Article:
The second ship to be named for this type of whale found in the Atlantic, the USS Finback SSN-670 was a Sturgeon-class submarine. These vessels were powered with nuclear energy and designed as fast attack subs. In addition to multiple missiles and torpedoes, these boats featured improved intelligence-gathering equipment and the ability to surface through ice. Though they were phased out in the 1990s, Sturgeon-class submarines played a large part in the U.S. Navy between 1960 and 2004.
Service in the U.S. Navy
Newport News Shipbuilding and Dry Dock Company out of Virginia won the contract to build the Finback, and construction began on June 26, 1965. She was launched nearly a year and a half later, on December 7, 1968, under the sponsorship of Mrs. Charles F. Baird, wife of the Under Secretary of the Navy at the time. The submarine received her commission on February 4, 1970, helmed by Commander Robert C. Austin.
As part of the U.S. Atlantic Fleet, the Finback won the Marjorie Sterett Battleship Fund Award in 1986. This commendation is presented every year to one ship from the Atlantic Fleet and one from the Pacific. Though the award often goes to the ship with the highest score in the Battle Efficiency Awards, this is not always the case, and the award often rotates through the various types of ships. The small monetary award is put into the ship’s recreation fund.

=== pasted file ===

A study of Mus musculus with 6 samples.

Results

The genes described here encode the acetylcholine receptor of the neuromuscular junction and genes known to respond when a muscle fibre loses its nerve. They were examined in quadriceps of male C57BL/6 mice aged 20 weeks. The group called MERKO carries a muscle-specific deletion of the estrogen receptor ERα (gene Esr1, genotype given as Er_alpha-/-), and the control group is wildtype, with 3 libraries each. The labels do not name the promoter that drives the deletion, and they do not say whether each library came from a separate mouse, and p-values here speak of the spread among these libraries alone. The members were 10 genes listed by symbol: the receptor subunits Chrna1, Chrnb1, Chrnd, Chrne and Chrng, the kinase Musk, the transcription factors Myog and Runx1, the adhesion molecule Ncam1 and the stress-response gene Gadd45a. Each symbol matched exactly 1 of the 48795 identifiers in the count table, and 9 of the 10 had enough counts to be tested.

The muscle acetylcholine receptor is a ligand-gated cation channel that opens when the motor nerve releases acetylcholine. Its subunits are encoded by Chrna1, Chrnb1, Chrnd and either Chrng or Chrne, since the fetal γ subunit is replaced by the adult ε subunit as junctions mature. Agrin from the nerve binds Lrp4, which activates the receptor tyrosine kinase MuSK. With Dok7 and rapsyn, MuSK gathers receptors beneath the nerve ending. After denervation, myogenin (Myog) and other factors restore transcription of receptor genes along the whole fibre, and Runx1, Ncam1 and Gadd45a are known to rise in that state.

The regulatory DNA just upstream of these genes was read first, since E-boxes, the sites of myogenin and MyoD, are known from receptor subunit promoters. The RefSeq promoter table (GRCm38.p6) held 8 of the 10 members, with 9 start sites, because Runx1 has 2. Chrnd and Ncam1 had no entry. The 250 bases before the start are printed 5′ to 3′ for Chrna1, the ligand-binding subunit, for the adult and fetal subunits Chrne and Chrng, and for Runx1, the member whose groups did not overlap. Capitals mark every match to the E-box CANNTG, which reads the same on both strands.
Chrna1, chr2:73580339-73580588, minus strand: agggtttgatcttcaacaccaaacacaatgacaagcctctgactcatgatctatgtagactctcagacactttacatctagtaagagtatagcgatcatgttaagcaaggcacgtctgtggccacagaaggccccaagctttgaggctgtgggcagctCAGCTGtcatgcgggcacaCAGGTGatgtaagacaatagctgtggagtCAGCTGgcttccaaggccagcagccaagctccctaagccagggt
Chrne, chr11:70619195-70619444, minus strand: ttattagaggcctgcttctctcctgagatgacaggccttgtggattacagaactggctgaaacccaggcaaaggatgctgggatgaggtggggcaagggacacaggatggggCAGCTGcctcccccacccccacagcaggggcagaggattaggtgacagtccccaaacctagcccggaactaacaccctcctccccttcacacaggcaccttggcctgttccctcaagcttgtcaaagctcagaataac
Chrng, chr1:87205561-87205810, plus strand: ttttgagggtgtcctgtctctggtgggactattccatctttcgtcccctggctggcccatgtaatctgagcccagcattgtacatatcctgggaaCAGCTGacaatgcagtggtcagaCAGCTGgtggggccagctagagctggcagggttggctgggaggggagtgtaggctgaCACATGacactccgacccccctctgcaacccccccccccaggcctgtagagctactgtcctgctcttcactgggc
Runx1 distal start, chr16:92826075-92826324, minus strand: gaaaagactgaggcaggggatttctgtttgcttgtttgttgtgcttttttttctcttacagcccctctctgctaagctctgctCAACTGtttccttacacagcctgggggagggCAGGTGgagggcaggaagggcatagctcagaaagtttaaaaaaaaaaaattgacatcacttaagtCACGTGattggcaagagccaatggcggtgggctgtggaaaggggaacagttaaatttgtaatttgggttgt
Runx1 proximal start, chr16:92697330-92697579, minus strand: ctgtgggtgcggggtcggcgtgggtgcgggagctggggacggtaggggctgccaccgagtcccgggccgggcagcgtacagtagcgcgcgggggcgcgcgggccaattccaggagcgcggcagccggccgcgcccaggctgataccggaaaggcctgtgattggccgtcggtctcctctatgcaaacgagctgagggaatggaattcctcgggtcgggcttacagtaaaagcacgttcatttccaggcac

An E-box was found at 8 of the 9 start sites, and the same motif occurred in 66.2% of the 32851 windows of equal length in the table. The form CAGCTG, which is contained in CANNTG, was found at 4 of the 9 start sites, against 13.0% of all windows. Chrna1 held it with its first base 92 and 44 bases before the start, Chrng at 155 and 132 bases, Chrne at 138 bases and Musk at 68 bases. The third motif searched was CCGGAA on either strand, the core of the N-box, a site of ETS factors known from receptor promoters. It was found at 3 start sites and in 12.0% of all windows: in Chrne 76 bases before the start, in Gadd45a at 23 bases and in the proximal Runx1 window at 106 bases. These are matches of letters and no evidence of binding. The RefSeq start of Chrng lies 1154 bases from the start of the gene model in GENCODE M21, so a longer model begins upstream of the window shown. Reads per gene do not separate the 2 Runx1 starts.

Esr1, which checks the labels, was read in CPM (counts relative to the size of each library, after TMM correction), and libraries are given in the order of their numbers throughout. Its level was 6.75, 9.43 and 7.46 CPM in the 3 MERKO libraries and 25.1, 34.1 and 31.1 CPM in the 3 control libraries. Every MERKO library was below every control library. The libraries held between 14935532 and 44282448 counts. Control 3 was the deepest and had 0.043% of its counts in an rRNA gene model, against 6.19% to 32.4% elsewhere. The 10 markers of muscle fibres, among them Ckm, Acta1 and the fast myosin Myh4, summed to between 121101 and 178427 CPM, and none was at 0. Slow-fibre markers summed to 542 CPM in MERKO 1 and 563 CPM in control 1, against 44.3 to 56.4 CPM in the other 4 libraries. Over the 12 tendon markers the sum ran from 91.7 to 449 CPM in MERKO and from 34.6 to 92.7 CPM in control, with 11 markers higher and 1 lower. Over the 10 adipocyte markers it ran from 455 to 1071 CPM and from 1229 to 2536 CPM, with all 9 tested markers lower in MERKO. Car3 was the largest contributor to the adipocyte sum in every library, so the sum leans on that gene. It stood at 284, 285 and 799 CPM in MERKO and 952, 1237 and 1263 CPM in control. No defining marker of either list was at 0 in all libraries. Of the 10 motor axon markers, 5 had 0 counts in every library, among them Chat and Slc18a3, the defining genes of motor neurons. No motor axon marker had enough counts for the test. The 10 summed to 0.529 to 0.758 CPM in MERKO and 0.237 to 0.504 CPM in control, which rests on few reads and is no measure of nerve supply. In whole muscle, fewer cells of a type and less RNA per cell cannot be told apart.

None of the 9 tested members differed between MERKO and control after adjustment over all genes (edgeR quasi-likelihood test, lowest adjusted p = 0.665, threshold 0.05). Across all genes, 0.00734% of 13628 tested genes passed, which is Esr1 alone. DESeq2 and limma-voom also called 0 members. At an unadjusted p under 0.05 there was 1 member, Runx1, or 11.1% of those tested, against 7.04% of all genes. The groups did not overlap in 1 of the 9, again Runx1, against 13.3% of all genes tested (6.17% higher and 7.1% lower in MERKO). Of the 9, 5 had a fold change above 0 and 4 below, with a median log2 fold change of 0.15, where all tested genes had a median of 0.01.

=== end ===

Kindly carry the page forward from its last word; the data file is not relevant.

Eventually, Sturgeon-class ships began to be replaced by newer Los Angeles-class submarines, and the Finback was taken out of commission and struck from the Naval Register on March 28, 1997. Like many other nuclear-powered subs that were no longer needed, she was delivered to the Puget Sound Naval Shipyard in Washington for their recycling program. Her recycling was completed on October 31.
Asbestos in Navy Ships
Although an essential component of the naval fleet, especially throughout conflicts of the last century, submarines also pose a lasting health risk to soldiers serving on them. However, these risks extend beyond the inherent dangers that existed while operating the vessels during military conflicts. Unfortunately, products containing asbestos were also common aboard submarines because of the material’s high resistance to heat and fire. Despite its value as an insulator, asbestos fiber intake can lead to several serious health consequences, including mesothelioma, a devastating cancer without cure. Furthermore, the enclosed environment of submarines put servicemen at an even higher risk of exposure. Current and former military personnel who came into contact with or served on submarines should seek immediate medical attention in order to detect possible health consequences associated with asbestos exposure.